The term castle can actually be quite confusing if used improperly. When I talk about Japanese castles, the term "castle" (shiro) always refers to the whole compound including the main keep, watch towers, walls, gates and moats. The main keep, is called tenshu in Japanese. It is a large multi-storey tower that the castle is centered around. It is the most heavily fortified structure and the last line of defense for the daimyo (castle lord).
When daimyo constructed castles the first and most important step was to lay out the territory and structure of the compound. In Japanese, the word territory is nawabari which means "to lay down rope" and that is literally what they did. They laid out ropes to plan the castle compound before actually constructing it. The surrounding landscape often played an important role in the planning of the castle site and aided in its defense.
Surrounding the main keep is a series of walls, moats and baileys which are invaluable defenses for any castle. These are arranged in a complicated manner to confuse enemies and make it difficult for them to breach the castle. It is understandable that the details of an opponent's castle were greatly desired before launching any attack. Between the walls, moats and other fortifications were storehouses; quarters for troops, family and vassals; as well as various other support structures. The castle itself was a small community.
There are three major types of castles: mountaintop (yamajiro), flatland-mountain (hirayamajiro) and flatland (hirajiro). Each had unique advantages and disadvantages associated with its location.
Mountaintop Castles (yamajiro)
The earlier castles were mostly built on the top of mountains and didn't have as well developed fortifications as the other two castle types. Mountaintop castles were primarily used only in a time of war, otherwise, warlords lived in a fortified home in a more convenient location. This type of castle was advantageous because it provided an excellent view of the surrounding area and was difficult to attack. Mountaintops also proved to be less susceptible to damage from earthquakes. Gifu-jo and Iwakuni-jo are prime examples of the mountaintop castle. Iwakuni-jo is shown below. In the case of both of these castles, it is currently much easier to get to them by ropeway.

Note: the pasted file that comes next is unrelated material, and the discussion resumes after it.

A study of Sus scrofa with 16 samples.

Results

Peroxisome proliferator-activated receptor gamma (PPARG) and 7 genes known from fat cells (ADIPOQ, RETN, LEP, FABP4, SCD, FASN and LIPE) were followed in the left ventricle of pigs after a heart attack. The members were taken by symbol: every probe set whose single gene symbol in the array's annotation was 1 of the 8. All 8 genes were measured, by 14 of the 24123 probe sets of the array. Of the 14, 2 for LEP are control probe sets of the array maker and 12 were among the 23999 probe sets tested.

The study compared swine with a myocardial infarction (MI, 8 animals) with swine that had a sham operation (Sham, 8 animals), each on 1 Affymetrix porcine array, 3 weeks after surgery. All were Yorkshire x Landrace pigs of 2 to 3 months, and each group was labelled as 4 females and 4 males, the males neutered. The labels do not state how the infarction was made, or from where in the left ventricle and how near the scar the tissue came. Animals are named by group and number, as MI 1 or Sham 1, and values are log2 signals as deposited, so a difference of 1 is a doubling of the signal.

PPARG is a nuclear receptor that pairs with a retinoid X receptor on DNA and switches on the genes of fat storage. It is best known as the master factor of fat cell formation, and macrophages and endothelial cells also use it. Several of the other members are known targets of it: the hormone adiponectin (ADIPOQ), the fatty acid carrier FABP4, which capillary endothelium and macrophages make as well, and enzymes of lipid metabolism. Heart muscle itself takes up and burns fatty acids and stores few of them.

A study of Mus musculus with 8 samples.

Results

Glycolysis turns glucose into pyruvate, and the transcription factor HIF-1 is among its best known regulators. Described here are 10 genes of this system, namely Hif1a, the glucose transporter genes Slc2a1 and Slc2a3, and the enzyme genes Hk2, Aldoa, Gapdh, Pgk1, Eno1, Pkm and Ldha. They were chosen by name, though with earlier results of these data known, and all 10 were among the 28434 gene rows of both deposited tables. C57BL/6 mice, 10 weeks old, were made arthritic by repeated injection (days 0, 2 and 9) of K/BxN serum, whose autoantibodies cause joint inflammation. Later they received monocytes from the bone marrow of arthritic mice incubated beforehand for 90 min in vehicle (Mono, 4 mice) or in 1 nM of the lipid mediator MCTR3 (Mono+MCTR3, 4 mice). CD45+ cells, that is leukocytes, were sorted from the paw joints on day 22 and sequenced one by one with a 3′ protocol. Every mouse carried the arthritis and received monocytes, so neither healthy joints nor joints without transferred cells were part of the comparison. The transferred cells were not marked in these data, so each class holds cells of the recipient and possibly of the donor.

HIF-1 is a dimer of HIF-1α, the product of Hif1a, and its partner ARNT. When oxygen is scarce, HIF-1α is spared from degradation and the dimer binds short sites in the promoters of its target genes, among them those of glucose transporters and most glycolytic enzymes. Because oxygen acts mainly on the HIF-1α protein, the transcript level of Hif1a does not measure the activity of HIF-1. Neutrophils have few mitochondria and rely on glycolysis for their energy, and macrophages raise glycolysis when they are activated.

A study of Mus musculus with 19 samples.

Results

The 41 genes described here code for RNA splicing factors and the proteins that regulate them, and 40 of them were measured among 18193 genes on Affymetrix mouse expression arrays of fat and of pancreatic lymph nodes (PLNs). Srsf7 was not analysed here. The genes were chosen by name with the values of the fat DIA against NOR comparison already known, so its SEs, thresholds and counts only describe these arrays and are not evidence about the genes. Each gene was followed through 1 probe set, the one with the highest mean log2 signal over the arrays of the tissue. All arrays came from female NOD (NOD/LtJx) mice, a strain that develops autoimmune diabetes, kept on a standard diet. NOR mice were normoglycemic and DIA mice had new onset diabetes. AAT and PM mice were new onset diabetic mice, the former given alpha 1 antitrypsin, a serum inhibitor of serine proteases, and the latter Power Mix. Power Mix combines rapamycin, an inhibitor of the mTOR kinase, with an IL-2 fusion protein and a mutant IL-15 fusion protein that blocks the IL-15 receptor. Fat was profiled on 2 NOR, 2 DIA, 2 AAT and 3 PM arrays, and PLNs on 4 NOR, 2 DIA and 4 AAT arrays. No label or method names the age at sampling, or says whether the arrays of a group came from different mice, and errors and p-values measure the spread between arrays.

Flatland-Mountain Castles (hirayamajiro)
In the Sengoku Period, castles started to be built in more convenient lowland locations. The flatland-mountain castles were built on low mountains or large hills where a plain spread out before them. This increased the efficiency of communication and eliminated many of the problems of Mountaintop castles. Unfortunately, the field of vision was decreased and the castle was more vulnerable. To make up for these disadvantages there was great development in the moats, walls, and other fortifications surrounding the castle. Himeji-jo is a good example of this type.
Flatland Castles (hirajiro)
Flatland castles were built at the end of the Sengoku period and the beginning of the Edo period. These castles were generally built in the middle of an open plain to ease communications and government. Since they had little or no natural defenses the moats and walls of these castles were built bigger and stronger than other types of castles. One disadvantage of flatland castles is that they can be susceptible to floods. The first castle of this type was Osaka-jo built by Toyotomi Hideyoshi. Nagoya-jo and Edo-jo are also good examples of this type. Shown below is Matsumoto-jo.